Christopher MacBride’s mockumentary The Conspiracy follows two documentary filmmakers, Jim (Jim Gilbert) and Aaron (Aaron Poole), as they set out to make a film on conspiracy theorists. Starting with a local street screamer conspiracy theorist named “Terrance G,” the duo begin their project with an appropriate amount of personal and professional distance from their subject. As Terrance explains, when asked why there aren’t more people as aware of the secret conspiracies surrounding our everyday lives, “It’s easy to turn you into me, but you don’t want to be me.”

When Terrance goes missing for a month and his place is ransacked, Jim and Aaron find themselves more involved than they originally intended. While Jim has a wife and kid to come home to, Aaron is a bit more free with his time and it doesn’t take long before Aaron becomes obsessed with Terrance’s “research,” finding new leads to follow and expanding on Terrance’s theories, particularly on the elite Tarsus Club and a Mithras Cult, proving just how easy it truly is to become Terrance. And when Aaron’s place gets burglarized and he starts seeing the same people and vehicles following him from place to place, the paranoia truly kicks in.

This isn’t the type of film where you need to believe the conspiracy theories being posited to have a fun time watching it. While it takes the shape of a documentary (this mockumentary is more serious than what folks normally think of when they hear “mockumentary,” which was synonymous with Christopher Guest’s films), it falls more in the suspense thriller or mystery genre as it rolls along. At the same times, the film does conspiracy theorists justice by presenting itself in such a way as to be both believable and researched and yet something with a validity that can’t necessarily be trusted.

Basically, if you wanted to take the film at face value and say, “this is what happened, just as the films says it did,” then you could. But if you wanted to watch the mockumentary and say that, within the world it creates, it’s not being entirely truthful with its eventual depiction of all events, then you could also spin your mind up over that too. Is the message obvious, hidden or missing completely, man!?!

Another plus for this film is that, while it is a mockumentary, it isn’t shot or filmed in such a way as to play off what people think are stereotypical documentary shortcomings. Some mockumentaries think that if you shake the camera a lot, or have shitty looking or sounding footage, it makes the entire thing more believable as a documentary; the truth is, any real documentary filmmaker worth their salt wants their film steady, in focus and as easy to hear and understand as any other film, and only resorts to lesser footage when necessary. In the case of The Conspiracy, it’s this “quality film first” thinking that allows it to best line up with the documentary aesthetic and, thus, feel more believable and successful.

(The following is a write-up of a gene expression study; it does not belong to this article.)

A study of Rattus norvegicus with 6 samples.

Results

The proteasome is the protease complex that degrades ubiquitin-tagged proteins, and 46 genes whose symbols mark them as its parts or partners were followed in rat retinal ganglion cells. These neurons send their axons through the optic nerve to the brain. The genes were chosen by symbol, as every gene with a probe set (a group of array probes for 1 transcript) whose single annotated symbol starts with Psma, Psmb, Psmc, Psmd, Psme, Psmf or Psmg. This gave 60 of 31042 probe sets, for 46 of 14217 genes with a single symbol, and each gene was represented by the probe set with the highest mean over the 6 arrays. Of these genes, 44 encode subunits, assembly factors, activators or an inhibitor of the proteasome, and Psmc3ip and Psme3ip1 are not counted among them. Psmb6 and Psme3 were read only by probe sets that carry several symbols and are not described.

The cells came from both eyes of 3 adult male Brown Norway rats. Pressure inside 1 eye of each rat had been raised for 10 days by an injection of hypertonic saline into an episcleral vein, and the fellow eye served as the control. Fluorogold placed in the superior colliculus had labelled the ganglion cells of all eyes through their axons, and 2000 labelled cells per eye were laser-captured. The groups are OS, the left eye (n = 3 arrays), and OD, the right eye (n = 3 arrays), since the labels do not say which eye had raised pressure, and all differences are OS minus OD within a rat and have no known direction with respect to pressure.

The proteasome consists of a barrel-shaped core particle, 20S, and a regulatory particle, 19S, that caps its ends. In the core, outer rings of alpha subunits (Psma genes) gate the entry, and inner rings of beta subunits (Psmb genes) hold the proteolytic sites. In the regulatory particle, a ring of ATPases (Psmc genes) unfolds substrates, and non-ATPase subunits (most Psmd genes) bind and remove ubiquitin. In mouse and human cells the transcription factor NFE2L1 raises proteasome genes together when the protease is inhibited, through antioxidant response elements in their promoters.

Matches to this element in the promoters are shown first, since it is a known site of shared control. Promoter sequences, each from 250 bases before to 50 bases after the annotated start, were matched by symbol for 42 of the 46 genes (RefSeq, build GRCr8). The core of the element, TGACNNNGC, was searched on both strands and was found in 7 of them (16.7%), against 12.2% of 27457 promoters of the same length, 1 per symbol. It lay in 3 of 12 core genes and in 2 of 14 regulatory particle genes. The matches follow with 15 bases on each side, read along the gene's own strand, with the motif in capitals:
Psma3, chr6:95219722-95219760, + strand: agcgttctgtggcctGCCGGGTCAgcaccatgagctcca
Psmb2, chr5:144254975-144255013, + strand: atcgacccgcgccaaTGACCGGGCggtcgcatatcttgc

Finally, I’ve heard this film mentioned within the same breath as “found footage” since watching it and… that’s not entirely the case. “Found footage” is just that, the idea that the footage was found and then played to tell the story. This is set up as a documentary about two filmmakers who set out to make a documentary, and presents itself as such. There’s no, “we found this unreleased film…” nonsense going on here; it’s got the perfect balance of archival photos, talking head interviews and all the other fun styles of a quality documentary film. If you wanted to look at the “found footage” aspect as the original documentary filmmakers’ footage, prior to being seen from another step back as a documentary about the two documentarians, then you might have an argument there but I still think the designation of “found footage” doesn’t apply to this film.

In the end, The Conspiracy is a quality suspense thriller that sneaks up on you. Again, this isn’t about whether the subjects it’s tackling are real or not, or believable; like the best conspiracies, it could be real, and just the possibility is far more intriguing than the truth. And that’s where I think things can truly go off-course for the obsessed conspiracy theorist: at a certain point, with no real outside validation of the truth or their own beliefs, the destination becomes less interesting than the journey, and next thing you know, they’re lost in a wilderness of conspiracies with no memory of where they were trying to get to, or what direction to head in. At that point, what do you do? You’re welcome to find out, but I’ll probably just watch The Conspiracy again and get that out of my system vicariously. Or is that what They want me to do!?!